In Mike D’Angelo’s most recent “Performance Review” column, Mike questioned whether the OCD (and possible ASD) symptoms of Jack Nicholson’s Melvin Udall in As Good As It Gets really explain the character being such a “nightmarishly rude” asshole, which prompted the following reply by Chapman Baxter:
As someone who has OCD I must take slight issue with Mike D’Angelo’s assertion that Melvyn Udall’s “nightmarishly rude” and cranky attitude in As Good As It Gets has nothing to do with his diagnosed condition. Although I’m not proud to admit it, I know from experience how a constant compulsion to do methodical rituals and the perpetual anxiety of intrusive thoughts can make one behave in quite an irritable and anti-social manner. Of course Udall’s psychiatric condition doesn’t remotely justify this behaviour, far less his tendency towards bigotry, but to say that there’s no connection is, in my opinion and from what I’ve observed with some other OCD sufferers, somewhat erroneous. As Good As It Gets certainly isn’t a flattering portrayal of a person with OCD and one certainly can’t generalise with respect to Udall’s behaviour, but it does highlight some ugly truths about some people with the condition. Of course, maybe I’m simply just an asshole and my occasional crankiness is entirely unrelated to my psychiatric condition but according to most of the people I know I’m an extremely amiable, friendly, tolerant, easy-going person under most circumstances, and it’s only when one of my obsessions becomes particularly intense that I have to restrain myself from acting like a total jerk.
I’d also argue from working with and knowing many adults and children with Asperger Syndrome that their condition does not tend to manifest in the intentionally rude and mean-spirited manner Udall conducts himself. People with Asperger Syndrome, and other forms of low-level autism, tend to be quite unaware of what others perceive as their rudeness/coldness. It’s very rare for a person with this condition to lash out with the targeted racism and homophobic invective Udall displays, since they would, for the most part, lack the empathy to understand how hurtful such abuse could be. Suffice to say, I don't think there’s any psychiatric condition that directly manifests in the offensive way Udall behaves in the early stages of the film (which is why he rightly gets such little sympathy from Helen Hunt and others for his bigoted outbursts), but from personal experience I think the filmmakers’ decision to use his OCD as a reason why he might end up displaying such deplorable personality traits makes perfect sense.
CB, I wanted to spotlight your comment not just because of its helpful personal insight, but because your impressions of the Udall character are so different from how a lot of people with first-hand knowledge of a subject feel about movies that deal with that subject. The internet practically runs on “What ____ gets wrong about ____” articles, in which astrophysicists scoff at Gravity, or stock-brokers refute The Wolf Of Wall Street, or plantation-owners take issue with 12 Years A Slave. (Okay, I made that last one up.) With you and Mike, we have a counter-example. Mike found the OCD explanation in As Good As It Gets to be insufficient and overly convenient; for you, it rings true.
I’ve had similar experiences to yours. Ever since my son was diagnosed with an Autistic Spectrum Disorder—he’s a high-functioning autist—I’ve watched movies about autistic characters with a keener eye than I would’ve before, and generally I’ve found that most of them get the condition more right than wrong. Even Rain Man, which codified “what autism is like” for a generation, and which I re-watched post-diagnosis expecting to despise, shows a lot more sensitivity than I’d recalled about the how and why of Raymond Babbitt. (My main issue with Rain Man, and with a lot of the movies about autism that followed, is that they tend to focus on the disorder as a challenge for everyone but the actual autists, thus denying the disordered their own personalities and desires.)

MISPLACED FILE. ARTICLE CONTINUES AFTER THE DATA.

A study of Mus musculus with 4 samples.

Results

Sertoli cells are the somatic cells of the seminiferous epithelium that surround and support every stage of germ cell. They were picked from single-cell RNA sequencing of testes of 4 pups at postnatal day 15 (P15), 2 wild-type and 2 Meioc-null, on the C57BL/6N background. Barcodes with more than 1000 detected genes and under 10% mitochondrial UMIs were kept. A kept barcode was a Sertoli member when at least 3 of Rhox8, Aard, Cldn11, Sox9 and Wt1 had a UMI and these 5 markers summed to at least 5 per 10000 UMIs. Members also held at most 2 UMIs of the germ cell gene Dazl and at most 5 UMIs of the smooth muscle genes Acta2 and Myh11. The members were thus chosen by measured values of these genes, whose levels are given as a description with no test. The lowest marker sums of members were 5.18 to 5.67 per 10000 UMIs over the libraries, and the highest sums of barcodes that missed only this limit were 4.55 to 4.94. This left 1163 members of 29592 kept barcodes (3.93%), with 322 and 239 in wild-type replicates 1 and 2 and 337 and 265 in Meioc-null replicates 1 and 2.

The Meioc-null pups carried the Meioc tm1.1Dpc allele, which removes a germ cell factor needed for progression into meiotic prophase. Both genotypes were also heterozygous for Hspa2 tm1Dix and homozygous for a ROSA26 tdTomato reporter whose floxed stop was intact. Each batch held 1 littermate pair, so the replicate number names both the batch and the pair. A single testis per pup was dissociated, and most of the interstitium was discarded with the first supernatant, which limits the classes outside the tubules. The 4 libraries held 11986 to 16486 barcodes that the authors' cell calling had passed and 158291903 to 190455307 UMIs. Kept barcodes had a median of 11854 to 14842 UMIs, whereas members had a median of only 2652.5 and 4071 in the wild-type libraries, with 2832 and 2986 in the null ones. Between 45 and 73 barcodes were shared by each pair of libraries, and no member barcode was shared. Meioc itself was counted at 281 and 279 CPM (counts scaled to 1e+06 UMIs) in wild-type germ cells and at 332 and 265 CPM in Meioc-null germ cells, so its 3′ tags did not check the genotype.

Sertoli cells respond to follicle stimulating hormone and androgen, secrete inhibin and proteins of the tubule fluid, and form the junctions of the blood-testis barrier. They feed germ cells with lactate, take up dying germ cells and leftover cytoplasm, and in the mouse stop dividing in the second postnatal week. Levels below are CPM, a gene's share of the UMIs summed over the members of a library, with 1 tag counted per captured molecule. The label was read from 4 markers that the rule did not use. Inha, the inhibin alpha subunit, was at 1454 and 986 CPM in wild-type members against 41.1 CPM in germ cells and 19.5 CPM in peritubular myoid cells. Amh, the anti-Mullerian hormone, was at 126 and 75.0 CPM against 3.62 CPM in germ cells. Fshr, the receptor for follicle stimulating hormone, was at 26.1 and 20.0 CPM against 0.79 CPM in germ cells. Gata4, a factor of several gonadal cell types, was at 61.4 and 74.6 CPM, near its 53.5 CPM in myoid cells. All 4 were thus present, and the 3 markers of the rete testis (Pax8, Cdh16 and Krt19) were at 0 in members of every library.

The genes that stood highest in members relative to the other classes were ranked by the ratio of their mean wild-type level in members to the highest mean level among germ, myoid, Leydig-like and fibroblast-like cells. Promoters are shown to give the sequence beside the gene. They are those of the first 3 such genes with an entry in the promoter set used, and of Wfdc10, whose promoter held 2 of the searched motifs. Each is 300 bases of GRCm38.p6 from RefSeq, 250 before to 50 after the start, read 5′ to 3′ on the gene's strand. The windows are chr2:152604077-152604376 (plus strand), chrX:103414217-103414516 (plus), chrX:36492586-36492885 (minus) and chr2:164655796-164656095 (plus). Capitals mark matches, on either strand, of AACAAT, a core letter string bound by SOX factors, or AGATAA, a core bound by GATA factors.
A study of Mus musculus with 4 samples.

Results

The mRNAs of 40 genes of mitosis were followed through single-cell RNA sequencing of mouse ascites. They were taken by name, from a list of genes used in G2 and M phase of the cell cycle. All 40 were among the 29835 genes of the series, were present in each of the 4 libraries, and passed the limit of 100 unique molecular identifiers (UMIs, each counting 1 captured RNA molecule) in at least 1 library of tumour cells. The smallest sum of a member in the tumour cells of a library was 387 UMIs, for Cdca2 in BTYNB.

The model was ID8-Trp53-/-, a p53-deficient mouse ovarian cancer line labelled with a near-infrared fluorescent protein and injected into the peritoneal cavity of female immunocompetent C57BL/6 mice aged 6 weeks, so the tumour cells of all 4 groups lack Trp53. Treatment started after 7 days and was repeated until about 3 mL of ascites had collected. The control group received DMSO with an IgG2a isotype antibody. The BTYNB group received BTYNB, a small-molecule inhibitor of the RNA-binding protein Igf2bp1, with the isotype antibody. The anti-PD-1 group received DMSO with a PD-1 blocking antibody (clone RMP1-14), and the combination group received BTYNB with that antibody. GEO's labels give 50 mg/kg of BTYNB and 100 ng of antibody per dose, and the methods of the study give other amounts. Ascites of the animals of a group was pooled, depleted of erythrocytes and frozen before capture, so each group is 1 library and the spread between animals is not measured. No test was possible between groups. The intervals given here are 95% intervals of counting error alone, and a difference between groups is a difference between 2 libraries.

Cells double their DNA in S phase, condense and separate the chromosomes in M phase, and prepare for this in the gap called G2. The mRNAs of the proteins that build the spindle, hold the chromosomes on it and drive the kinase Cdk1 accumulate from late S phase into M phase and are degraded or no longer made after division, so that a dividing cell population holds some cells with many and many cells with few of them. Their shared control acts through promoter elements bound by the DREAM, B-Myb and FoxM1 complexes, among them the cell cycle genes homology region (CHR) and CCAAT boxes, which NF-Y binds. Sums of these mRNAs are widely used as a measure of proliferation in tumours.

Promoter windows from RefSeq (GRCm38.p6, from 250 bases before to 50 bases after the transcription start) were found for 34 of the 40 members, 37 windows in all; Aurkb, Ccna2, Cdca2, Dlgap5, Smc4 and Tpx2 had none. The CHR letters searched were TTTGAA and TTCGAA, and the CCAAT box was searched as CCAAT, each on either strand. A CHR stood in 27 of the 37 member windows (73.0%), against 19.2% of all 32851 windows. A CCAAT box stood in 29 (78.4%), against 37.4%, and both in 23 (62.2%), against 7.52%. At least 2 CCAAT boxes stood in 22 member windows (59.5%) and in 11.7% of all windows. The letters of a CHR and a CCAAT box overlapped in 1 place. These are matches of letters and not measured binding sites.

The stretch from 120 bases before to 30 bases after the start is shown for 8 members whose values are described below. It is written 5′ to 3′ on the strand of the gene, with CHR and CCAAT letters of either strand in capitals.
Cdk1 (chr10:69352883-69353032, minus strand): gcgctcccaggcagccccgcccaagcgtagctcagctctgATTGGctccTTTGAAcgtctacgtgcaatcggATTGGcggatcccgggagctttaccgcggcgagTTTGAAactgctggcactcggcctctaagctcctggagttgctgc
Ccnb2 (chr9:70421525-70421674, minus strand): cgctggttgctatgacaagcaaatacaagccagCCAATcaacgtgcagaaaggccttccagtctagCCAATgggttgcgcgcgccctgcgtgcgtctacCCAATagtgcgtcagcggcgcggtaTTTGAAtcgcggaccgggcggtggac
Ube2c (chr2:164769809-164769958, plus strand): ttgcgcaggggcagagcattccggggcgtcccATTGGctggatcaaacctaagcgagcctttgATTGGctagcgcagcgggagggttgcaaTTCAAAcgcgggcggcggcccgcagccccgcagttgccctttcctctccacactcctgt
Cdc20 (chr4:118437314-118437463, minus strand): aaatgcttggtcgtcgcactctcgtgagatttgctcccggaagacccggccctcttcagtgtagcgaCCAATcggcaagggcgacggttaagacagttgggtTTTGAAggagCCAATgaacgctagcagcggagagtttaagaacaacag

Still, I’m sure Mike would agree that even if As Good As It Gets gets OCD right, if it plays as phony to the inexperienced viewer, then something is off. I try not to get too caught up in “what Nashville gets wrong about Nashville”-type analysis, because movies need to have the license to fudge facts in the name of telling a good story. On the flipside, I find “that’s how it actually happened” to be a shaky defense whenever a reality-based movie comes across contrived. But in either case, whether a movie shrugs off reality entirely or holds to it so closely that it feels false, we’re left with a situation where two people with similar tastes can end up seeing the same movie in an entirely different way, because of extra-textual factors. And that’s tricky, from both the viewers’ side and the filmmakers’ side, to know how much personal knowledge to bring to bear.
All things being equal, I’d rather writers, directors, and actors at least try to ground their movies in reality, even if they run the risk of making a distracting mistake or getting too caught up in details that don’t matter. Personally, I’m more thrown out of a movie when the circumstances are lazily generic—when, for example, one character is concerned about whether or not she’s “going to be promoted to regional manager,” and it’s obvious that nobody involved with the film has any idea what that literally means. But I understand why filmmakers hedge, and why they often refuse to pin down a character’s job, or disorder. Specificity provokes scrutiny, and some movies aren’t strong enough to bear it.
We’ll be searching through article comments for future installments of “Feedback.” Or you can email us privately at firstname.lastname@example.org.